History dictates that England v Sweden is always a difficult game to be excited by. A long history of draws pretty much pre-empt any hope of joy coming England’s way, yet like clockwork, the media circus swirled around Kiev before kick-off.
News of Andy Carroll’s inclusion in the starting eleven went viral and hopes were imminently pinned on the £35million Liverpool striker to make an impact. For me though, the eleven had a far more important inclusion, in the form of Manchester United hitman, Danny Welbeck.
Welbeck, 21, was starting his third consecutive game in an England shirt, following a goal against Belgium in England’s final warm-up game and an earnest performance in the Euro 2012 opener against France.
The Manchester born forward, was steadfastly becoming the face of Roy Hodgson’s England and the spearhead of the England front line.
Welbeck started the game strongly, his movement both on and off the ball is a credit to the Manchester United youth system who blooded him, yet at half-time the hype machine had firmly lit a rocket under Andy Carroll, not too dissimilar to that of his astronomical transfer fee. Welbeck was the forgotten man and Carroll the English saviour.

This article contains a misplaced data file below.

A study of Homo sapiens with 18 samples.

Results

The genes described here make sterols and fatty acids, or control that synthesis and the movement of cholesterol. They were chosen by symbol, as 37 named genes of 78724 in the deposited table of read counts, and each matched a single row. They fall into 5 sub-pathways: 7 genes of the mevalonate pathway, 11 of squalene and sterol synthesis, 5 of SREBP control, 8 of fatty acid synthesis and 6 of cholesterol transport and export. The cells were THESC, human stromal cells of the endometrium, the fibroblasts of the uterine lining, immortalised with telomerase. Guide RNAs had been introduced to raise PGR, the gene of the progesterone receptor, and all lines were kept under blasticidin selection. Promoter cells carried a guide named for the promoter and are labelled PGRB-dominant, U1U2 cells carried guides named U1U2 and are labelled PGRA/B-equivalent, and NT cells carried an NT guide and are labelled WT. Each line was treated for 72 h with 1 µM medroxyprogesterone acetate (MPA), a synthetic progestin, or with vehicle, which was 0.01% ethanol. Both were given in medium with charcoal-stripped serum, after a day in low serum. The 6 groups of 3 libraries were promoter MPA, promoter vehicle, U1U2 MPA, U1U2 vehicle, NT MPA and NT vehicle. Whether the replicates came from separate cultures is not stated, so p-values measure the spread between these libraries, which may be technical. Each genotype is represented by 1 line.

There was no doubt that Carroll deserved credit. He had worked hard and done so at a frantic pace in the opening 45 minutes, notching a goal in the process but for all his effort and doggedness, Welbeck’s effortless guile was beginning to shine.
12 minutes from time, Welbeck scored what proved to be the winning goal, with a finish that was both planned and executed in supreme fashion and with Wayne Rooney’s suspension now at an end, fans, pundits and critics will all look to Hodgson for a decision on who Rooney will displace in the side.
The statistics for the game stack up in Welbeck’s favour, proving he was far more integral to the good play England displayed at times over his counterpart Carroll.
Welbeck’s passing completion rate for example stood at a mighty 96%, misplacing just one of his twenty-seven passes. This is of stark contrast to Carroll’s 56%, strong evidence of how well rounded Welbeck’s game has become and how key his champion like link-up play is.
Rooney will surely start, as Hodgson himself has implied, so Roy must now decide on who will make way for the boisterous number ten. For me, it’s a no-brainer.